Quality Quilting Of The Appropriate Kind

Carolyn Warfield, Great Lakes African American Quilters Network

Three regional quilters with a preference for sumptuous African fabrics make aesthetic judgments which feed the spirit and transform the mind and heart for prosperity and survival.

Justine Burnell, a master quilt innovator and founder of the Great Lakes African American Quilters Network conceived "The Heavens Are Telling the Glory of God," to illustrate the God of I AM as the Sun, a star that sustains life on earth and is the basis of the solar system.


California folk artist Rachel Clark is a woman of enormous integrity, giving vision to retelling social history through folk textile traditions. In September, 2005, Clark visited Michigan as workshop facilitator and lecturer for the 16th annual exhibition and agenda of the Flint African American Quilt Guild as part of the Greater Flint Arts Council "Quilts at the Crossroads." Recognized on the national quilting circuit for daring experimentation, Rachel demonstrates a self expression which unifies forms of dressmaking and tailoring with the imaginative character of quilting. Her garments pulsate with life and energy, celebrate the human spirit and venerate the wearer. "I sew on of-a-kind cultural statements that reflect global consciousness," she remarked. "Textile designs with aesthetic retentions of Africa, Asia, Europe and America." "Stars and Huts," a remarkably beautiful coat of visual motion is Clark's interpretation of dive presence and human aspiration.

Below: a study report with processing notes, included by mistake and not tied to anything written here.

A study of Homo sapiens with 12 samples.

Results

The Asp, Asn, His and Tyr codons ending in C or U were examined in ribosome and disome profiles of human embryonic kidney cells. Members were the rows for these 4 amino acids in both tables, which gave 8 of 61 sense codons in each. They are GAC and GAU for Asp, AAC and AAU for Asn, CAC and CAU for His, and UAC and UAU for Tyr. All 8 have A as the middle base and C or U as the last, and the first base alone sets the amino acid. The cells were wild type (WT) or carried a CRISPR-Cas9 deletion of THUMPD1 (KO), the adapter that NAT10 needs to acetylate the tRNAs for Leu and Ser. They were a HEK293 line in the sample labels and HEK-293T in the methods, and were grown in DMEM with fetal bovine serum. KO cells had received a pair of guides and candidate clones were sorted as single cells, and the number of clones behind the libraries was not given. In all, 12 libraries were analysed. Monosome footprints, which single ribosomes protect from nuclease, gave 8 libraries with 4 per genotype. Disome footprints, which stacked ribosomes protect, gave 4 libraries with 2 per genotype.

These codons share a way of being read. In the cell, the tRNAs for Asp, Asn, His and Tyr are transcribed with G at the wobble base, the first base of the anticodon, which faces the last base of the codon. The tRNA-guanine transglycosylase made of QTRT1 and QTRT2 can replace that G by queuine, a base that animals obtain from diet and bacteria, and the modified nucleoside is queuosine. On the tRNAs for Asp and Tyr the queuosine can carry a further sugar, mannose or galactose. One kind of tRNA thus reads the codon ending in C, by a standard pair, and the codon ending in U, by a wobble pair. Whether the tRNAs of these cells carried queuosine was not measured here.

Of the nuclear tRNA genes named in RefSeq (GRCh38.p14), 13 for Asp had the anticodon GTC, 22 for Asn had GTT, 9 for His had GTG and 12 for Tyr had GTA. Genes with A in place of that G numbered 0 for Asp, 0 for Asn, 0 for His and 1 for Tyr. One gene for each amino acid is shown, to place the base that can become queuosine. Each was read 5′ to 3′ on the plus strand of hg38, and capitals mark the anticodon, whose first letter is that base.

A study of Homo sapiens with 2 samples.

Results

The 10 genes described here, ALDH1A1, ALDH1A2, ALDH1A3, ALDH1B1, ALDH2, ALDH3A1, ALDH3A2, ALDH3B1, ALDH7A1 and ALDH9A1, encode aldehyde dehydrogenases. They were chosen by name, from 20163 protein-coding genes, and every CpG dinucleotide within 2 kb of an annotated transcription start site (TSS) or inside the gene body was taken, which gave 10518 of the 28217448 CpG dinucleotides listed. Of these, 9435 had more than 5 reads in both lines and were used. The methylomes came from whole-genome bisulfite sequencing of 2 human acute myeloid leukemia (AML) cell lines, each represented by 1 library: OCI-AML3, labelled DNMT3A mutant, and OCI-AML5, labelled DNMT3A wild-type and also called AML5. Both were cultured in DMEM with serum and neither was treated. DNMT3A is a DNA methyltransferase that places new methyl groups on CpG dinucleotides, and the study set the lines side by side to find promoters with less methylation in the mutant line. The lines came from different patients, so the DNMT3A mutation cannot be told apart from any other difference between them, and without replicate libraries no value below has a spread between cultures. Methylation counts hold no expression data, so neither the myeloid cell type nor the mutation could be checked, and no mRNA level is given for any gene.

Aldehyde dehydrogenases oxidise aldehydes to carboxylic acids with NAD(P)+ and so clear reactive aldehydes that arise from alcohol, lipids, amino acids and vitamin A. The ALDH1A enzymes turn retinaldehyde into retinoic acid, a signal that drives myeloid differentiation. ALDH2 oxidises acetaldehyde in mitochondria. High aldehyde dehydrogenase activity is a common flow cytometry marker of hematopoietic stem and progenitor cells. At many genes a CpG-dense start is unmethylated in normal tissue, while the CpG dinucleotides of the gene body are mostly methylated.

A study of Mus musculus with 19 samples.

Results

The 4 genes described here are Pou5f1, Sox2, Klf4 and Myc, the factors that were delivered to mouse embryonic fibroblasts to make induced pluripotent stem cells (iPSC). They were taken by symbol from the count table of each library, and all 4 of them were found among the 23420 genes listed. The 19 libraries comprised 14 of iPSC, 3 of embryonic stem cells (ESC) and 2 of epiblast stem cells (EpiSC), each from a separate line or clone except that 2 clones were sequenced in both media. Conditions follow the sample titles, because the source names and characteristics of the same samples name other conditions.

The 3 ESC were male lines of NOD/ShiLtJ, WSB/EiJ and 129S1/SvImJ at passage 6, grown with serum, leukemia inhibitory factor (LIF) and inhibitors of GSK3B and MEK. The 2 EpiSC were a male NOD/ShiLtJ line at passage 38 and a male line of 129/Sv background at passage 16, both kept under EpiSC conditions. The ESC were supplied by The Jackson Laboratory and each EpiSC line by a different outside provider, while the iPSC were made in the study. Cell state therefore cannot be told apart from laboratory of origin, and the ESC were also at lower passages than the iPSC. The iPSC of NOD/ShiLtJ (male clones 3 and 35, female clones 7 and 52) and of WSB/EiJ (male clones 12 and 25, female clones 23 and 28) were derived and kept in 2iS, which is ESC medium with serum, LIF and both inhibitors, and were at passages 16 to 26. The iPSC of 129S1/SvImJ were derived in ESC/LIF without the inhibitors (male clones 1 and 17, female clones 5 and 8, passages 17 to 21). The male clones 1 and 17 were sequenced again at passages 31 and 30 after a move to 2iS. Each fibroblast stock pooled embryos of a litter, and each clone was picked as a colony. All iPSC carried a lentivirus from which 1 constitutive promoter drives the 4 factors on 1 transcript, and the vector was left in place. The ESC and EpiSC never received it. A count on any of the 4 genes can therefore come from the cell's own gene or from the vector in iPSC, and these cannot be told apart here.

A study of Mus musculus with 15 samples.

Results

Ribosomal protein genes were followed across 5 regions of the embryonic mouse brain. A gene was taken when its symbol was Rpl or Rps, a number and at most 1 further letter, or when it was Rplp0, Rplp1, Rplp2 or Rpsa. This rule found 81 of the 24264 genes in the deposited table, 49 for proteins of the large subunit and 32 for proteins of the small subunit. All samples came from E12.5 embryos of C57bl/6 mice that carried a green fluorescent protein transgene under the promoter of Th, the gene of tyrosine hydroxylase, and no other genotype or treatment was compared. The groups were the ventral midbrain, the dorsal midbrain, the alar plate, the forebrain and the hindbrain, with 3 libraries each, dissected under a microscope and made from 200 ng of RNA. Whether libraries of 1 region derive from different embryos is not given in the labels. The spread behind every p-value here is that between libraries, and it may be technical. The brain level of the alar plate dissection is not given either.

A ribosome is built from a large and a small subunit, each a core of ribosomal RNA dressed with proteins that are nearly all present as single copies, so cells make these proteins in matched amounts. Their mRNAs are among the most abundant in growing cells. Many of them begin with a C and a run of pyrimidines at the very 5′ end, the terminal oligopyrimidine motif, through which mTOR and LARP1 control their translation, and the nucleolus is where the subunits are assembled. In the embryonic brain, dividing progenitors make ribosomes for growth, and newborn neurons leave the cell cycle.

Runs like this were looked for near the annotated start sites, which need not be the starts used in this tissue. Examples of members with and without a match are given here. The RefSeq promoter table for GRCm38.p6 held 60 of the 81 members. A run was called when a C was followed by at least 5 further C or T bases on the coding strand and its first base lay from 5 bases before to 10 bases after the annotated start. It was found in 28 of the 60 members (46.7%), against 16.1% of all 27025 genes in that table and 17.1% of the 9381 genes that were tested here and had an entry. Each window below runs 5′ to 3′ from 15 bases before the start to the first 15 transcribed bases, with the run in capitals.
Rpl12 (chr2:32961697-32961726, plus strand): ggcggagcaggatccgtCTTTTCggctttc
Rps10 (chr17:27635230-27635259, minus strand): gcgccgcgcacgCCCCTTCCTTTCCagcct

An enthusiast of Rachel Clark, Gloria Kellon of Sankofa Designs enjoys quilting performance apparel for literary personalities as a member of the Cleveland affiliate of the National Association of Black Storytellers (NABS). Wordsmith and oral traditionalist, Gloria captivates children and adults with her blend of wit and confidence by weaving tales of African and American tradition. In her classroom before retirement, Kellon weaved cultural threads into the minds of young children with a floor loom as a way to inspire creative imagination. In African vernacular, griots (storytellers) are the carriers of "history remembered" and are held to the memory of their communities through vast repertoires of expressively detailed chronicles. "I never liked fairy tales but wanted my students to learn how people in the past and present handled joy and struggle," she says. "Cultural stories are wonderful to teach self respect to overcome challenges." Gloria has designed fourteen coats of honor and has many commissions. Baba Jamal Koram, an international storyteller of commanding stature and considerable influence is quite regal in Kellon's strip construction coat. He and Gloria mutually agree that "storytelling works on the heart and allows transcendence of the human spirit." Gloria is also in the Great Lakes African American Quilters Network and teaches quilting classes for the guild.